Stage

  1. Catch off-color laughs at Jobsite's 'A Night of Inappropriately Funny Moments'


    A Night of Inappro-priately Funny Moments will feature a range of topics  ranging from hot dogs to phone sex. Tickets are $5 at the door, or free for Jobsite season ticket holders.
  2. Review: 'God of Carnage' at American Stage is fast, funny and revealing


    Katherine Michelle Tanner, left, Billy Edwards, Cathy Schenkelberg and Brian Shea.
  3. The Clintons are the subject of two New York musicals


    Karen Mason and Frank Vlastnik rehearse in New York for the musical A Woman on Top, an inspirational tale that draws heavily from the life of Hillary Clinton.
  4. Home-grown musical debuts in downtown New Port Richey


    In Coupled, Diana Rogers, who wrote the musical comedy, plays middle school teacher Donna, longtime wife of computer geek Bill, played by Peter Clapsis. 
  5. 'Forever Plaid' is a fun blast to the past


    The four leads of Forever Plaid, a musical comedy that opens Saturday at the Show Palace Dinner Theatre in Hudson, are played by, from left, Nick Rishel, Matty Colonna, Dick Baker and Brendan Cataldo. The four singers get a second chance to perform one big show.
  6. 5 things to know about 'God of Carnage' at American Stage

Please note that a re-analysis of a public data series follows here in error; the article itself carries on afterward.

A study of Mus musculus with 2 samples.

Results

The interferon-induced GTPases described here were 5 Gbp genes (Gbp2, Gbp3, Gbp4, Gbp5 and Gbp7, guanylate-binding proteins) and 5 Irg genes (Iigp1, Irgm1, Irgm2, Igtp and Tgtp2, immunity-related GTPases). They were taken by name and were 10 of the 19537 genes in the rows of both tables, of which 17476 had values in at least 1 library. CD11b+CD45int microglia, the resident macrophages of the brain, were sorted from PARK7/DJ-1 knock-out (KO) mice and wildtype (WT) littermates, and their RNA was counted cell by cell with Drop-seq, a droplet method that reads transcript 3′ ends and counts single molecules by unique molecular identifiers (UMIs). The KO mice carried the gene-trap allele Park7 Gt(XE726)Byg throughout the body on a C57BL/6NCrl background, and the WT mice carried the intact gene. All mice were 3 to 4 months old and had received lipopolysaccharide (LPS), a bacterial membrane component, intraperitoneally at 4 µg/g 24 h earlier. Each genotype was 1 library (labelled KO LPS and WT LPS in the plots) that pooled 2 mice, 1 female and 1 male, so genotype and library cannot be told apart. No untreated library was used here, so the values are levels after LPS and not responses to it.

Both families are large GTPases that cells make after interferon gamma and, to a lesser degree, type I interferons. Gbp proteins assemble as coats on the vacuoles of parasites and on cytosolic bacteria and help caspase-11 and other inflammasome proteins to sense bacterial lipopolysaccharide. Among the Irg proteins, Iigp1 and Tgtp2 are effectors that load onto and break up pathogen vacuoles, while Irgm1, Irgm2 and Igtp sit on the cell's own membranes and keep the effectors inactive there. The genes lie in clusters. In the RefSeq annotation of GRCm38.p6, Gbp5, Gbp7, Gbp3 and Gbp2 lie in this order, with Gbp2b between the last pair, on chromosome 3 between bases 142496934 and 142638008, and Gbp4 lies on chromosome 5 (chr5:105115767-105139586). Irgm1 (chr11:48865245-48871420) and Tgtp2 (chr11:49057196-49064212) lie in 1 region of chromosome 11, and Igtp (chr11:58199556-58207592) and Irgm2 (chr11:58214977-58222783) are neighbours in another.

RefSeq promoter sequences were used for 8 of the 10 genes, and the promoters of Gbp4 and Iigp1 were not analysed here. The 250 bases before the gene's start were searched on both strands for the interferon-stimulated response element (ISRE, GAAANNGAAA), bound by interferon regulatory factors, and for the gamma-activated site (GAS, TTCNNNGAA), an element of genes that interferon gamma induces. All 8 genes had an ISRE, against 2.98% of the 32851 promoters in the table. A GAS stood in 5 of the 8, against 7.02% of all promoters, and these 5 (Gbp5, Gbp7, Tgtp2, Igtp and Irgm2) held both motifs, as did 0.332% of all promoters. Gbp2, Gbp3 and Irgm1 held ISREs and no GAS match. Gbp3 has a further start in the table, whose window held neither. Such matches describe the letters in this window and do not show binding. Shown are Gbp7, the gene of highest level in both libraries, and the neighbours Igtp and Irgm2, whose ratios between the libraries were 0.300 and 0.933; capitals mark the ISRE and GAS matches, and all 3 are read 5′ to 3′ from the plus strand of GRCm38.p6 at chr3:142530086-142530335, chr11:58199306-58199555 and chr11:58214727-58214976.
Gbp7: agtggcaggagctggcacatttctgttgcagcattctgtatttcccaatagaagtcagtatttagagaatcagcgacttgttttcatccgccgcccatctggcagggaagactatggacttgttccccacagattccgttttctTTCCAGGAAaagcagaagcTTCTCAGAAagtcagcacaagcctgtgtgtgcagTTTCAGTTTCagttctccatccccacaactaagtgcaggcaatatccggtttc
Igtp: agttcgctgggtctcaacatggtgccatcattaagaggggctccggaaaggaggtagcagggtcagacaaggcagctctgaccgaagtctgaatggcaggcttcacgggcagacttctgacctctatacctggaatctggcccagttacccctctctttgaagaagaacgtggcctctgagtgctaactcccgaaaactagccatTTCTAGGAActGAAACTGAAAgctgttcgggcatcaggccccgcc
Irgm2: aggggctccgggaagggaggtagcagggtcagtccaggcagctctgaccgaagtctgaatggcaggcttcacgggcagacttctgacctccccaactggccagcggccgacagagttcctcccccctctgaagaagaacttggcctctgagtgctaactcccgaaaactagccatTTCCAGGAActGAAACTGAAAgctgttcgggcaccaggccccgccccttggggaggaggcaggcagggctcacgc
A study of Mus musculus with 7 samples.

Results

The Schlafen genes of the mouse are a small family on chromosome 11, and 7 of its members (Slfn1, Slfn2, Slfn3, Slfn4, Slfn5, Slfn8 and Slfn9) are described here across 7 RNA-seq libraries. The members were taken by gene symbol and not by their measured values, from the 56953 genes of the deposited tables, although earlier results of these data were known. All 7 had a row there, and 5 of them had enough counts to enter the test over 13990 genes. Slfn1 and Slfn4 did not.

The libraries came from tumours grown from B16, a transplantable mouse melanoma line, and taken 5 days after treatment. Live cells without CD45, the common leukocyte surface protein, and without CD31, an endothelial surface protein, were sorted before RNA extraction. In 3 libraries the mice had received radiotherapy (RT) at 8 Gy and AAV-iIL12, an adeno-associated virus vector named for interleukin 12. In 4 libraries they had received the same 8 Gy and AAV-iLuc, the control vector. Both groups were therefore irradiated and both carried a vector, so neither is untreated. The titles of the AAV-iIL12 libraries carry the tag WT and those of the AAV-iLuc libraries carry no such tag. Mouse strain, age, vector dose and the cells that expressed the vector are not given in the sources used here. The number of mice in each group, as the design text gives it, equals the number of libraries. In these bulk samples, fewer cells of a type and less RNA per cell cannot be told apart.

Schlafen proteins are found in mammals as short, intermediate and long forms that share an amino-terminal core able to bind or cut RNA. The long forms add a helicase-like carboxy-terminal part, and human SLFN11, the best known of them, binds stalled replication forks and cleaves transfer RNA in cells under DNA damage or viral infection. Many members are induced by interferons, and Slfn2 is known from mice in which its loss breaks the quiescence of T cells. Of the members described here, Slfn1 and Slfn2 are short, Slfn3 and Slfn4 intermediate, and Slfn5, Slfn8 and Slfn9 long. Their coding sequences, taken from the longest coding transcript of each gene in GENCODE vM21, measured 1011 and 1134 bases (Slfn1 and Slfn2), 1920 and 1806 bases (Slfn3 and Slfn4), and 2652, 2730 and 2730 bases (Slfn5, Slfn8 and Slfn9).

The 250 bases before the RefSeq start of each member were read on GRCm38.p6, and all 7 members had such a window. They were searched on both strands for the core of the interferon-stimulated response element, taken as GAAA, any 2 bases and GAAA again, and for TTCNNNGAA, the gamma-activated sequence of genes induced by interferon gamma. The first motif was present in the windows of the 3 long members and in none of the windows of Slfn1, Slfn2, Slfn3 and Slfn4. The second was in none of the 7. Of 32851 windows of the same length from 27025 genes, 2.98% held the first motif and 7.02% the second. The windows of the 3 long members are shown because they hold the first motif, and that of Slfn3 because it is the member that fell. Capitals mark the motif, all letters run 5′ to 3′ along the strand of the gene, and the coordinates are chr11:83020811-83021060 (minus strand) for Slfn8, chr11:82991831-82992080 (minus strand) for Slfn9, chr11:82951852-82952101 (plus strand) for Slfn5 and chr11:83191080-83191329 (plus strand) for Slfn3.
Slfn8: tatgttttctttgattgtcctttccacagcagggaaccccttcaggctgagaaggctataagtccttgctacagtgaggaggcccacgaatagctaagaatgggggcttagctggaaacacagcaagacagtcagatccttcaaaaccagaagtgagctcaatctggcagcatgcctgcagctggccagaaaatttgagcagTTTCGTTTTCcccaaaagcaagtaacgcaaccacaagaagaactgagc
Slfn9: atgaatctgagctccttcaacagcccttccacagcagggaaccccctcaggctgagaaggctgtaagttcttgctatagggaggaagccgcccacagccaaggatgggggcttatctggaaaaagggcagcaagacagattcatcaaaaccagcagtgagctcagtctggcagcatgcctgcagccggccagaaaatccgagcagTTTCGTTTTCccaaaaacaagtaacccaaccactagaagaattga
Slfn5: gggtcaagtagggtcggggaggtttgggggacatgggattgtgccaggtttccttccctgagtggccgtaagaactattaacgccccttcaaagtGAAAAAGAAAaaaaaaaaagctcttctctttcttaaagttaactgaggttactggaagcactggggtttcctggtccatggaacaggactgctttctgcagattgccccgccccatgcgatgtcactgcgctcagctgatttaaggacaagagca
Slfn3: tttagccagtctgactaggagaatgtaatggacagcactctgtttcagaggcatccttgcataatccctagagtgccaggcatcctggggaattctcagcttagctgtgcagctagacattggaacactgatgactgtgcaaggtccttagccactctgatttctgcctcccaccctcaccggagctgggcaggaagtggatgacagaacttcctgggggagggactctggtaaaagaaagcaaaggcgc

God of Carnage stars, from left, Katherine Michelle Tanner, Billy Edwards, Cathy Schenkelberg and Brian Shea.
  7. Director Karla Hartley talks juggling two plays on opposite sides of bay

    Stage

    Take a look at the roster of plays going on in Tampa Bay right now, and one name inevitably keeps popping up: Karla Hartley.

    Karla Hartley is directing God of Carnage at American Stage in St. Petersburg and Inventing Van Gogh at Jobsite Theater in Tampa.
  8. Comic Bill Bellamy performs at Tampa Improv this weekend


    LOS ANGELES, CA - MAY 17: Bill Bellamy arrives for the UNICEF "Playlist with The A-List" Karaoke event held at the El Rey theatre on May 17, 2011 in Los Angeles, California. (Photo by Toby Canham/Getty Images)
  9. Review: Jobsite's 'Inventing Van Gogh' a thoughtful work of art


    Jordan Foote as Vincent van Gogh and Steve Fisher as Patrick Stone in Jobsite’s new play.
  10. Largo's Eight O'Clock Theatre puts on the musical 'Hair'


    During dress rehearsal, Daniel Hayes, left, plays Berger, a psychedelic teddy bear type, always up for a hug or a drug as he leads the tribe of hippies singing and dancing in Hair, the 1960s musical about hippies searching for truth, peace and love.